About This Site

The dancer in the heart’s arena
moves his limbs like a spider
spinning out his thread of light.


I tend to resist technological advances, though I’m happy to have my cell phone and my computer. I’ve finally decided to set up a website because there’s a lot I still want to say, about my life, our human life on this earth, and my sadness for its erosion, and about what I still value and still wholeheartedly celebrate, and I hope in this way to reach more people. Much of what I’ve written – poetry, stories, essays – has not been published in English at all, and work I have published in Spanish, in Venezuela and Colombia, is no longer available.

The site is divided into two parts, one for each language I write in, with links between them. On both sides there are brief biographies and introductions to the site, as well as a list of links to works. The Spanish side contains one of my published books of poems, Legado de sombras, as well as two poem series not included in books; I mean to add my other books later. In Spanish also are a series of essays on archetypal and mythological subjects that were mostly published some years ago in the Saturday literary pages of the Caracas daily El Universal.

The English side is more complicated. Since very few of the poems (some of them versions of the Spanish poems, or the originals which I translated in the other direction, some existing only in English) have been published, I have used a large selection of them to combine with memories and ideas in a kind of autobiography, entitled Inhabiting Earth. There are two separate poem series and an attempt at a foundation myth, The Marriage of Wolf and Ship. The Dancing Gods  is a short novel I wrote mostly for fun at a tense time in Venezuela, which uses political situations and spiritualism, a mother goddess cult, as its setting. Dog People includes a juvenile novel and a series of other stories written out of an obsession with an imaginary race of conscious dogs/wolves.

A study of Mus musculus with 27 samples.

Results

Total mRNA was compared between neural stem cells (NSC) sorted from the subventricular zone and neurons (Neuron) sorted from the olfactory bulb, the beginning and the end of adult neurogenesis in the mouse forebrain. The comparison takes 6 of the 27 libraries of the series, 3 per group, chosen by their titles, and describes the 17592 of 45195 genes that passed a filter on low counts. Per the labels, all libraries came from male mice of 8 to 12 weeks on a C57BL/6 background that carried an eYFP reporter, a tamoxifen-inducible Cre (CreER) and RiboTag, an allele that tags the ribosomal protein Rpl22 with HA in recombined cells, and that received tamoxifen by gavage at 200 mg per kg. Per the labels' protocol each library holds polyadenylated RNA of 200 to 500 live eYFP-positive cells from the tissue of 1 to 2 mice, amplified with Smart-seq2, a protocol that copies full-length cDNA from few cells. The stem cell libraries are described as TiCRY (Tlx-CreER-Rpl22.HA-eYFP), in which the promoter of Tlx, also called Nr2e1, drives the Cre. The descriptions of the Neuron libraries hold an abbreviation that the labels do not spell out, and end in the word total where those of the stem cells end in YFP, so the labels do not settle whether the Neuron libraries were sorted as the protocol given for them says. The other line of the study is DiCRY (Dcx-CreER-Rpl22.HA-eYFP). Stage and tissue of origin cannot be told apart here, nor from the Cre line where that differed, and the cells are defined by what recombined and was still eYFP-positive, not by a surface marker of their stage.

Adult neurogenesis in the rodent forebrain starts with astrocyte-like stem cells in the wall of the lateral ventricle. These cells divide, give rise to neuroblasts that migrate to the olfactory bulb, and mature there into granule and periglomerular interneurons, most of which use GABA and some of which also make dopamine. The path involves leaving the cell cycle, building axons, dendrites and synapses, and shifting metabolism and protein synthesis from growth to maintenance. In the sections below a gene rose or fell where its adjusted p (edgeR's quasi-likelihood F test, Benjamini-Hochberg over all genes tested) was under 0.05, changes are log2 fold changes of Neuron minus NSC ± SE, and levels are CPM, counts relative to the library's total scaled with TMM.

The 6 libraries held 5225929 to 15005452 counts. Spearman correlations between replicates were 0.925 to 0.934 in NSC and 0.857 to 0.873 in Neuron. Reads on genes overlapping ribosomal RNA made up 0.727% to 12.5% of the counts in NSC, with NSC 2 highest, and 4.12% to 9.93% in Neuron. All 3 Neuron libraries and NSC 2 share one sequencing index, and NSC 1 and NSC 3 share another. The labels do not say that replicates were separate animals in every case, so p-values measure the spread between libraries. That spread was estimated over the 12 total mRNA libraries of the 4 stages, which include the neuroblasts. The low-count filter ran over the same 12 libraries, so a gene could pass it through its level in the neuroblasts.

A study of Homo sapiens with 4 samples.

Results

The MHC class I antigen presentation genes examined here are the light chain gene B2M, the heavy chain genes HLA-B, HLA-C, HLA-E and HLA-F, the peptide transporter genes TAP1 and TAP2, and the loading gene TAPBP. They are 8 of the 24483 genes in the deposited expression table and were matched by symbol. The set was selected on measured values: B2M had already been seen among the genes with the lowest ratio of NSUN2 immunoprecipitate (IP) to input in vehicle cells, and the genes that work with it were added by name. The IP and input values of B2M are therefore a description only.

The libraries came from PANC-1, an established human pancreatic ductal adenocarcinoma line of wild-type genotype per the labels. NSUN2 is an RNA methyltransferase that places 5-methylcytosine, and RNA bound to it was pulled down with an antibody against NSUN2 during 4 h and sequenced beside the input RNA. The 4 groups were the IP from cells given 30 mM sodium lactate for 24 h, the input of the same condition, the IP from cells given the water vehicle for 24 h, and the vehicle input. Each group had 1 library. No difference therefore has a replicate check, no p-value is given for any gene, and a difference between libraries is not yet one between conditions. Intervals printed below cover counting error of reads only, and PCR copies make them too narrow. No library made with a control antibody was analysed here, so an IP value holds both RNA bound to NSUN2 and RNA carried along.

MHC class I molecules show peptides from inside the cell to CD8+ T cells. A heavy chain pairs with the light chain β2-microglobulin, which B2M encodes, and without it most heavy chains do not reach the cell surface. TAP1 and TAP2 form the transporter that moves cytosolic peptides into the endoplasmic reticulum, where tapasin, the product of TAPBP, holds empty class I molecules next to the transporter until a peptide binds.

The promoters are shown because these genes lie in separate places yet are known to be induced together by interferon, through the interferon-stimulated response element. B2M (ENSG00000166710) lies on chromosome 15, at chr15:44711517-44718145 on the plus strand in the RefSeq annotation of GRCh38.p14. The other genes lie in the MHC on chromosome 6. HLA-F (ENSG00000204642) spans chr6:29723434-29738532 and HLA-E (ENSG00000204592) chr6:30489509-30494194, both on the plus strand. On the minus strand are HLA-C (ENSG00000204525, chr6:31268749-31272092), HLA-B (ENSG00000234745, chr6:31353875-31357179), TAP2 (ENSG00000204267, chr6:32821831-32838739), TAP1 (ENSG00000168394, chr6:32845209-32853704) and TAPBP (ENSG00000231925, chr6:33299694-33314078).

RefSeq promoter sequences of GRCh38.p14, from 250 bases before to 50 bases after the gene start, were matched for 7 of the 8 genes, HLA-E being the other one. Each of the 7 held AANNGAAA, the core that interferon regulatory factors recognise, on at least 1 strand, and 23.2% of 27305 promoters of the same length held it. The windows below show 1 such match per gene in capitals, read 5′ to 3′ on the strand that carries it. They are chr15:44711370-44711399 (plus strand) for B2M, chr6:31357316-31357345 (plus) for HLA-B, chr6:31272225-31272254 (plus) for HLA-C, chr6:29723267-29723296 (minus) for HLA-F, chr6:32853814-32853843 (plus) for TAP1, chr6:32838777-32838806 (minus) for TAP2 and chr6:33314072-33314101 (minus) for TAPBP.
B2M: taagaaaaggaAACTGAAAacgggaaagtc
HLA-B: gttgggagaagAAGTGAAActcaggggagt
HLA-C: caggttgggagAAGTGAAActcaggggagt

My subjects may seem out of date or irrelevant to some, though I know there are people to whom nature, mythological and archetypal insights, and the mind’s humors are still interesting. If I’m accused of being a romantic, I guess I have to accept it, though my kind of romanticism is, I believe, a way to embrace a wide swathe of reality. I’m old now and sometimes it seems that the ‘poetic truth’ I’ve spent my life trying to follow and defend is moving further and further out of reach, at least as a way of life for many. But we can still keep in touch with nature, even if it’s in the weather, and learn to deal with the gods, goddesses and spirits that have embodied the insights of past ages, and try to understand what we are doing on this earth. And be compassionate. Can’t we?

I would like these poems and stories to be enjoyed too. I’ve enjoyed writing them, and the experiences that went into them, though they’re mostly not about me. It’s decades since I lived in an English-speaking country, so my English won’t be colloquial to a contemporary ear, but I like to think it’s precise and clear, a good instrument for sharing my thoughts.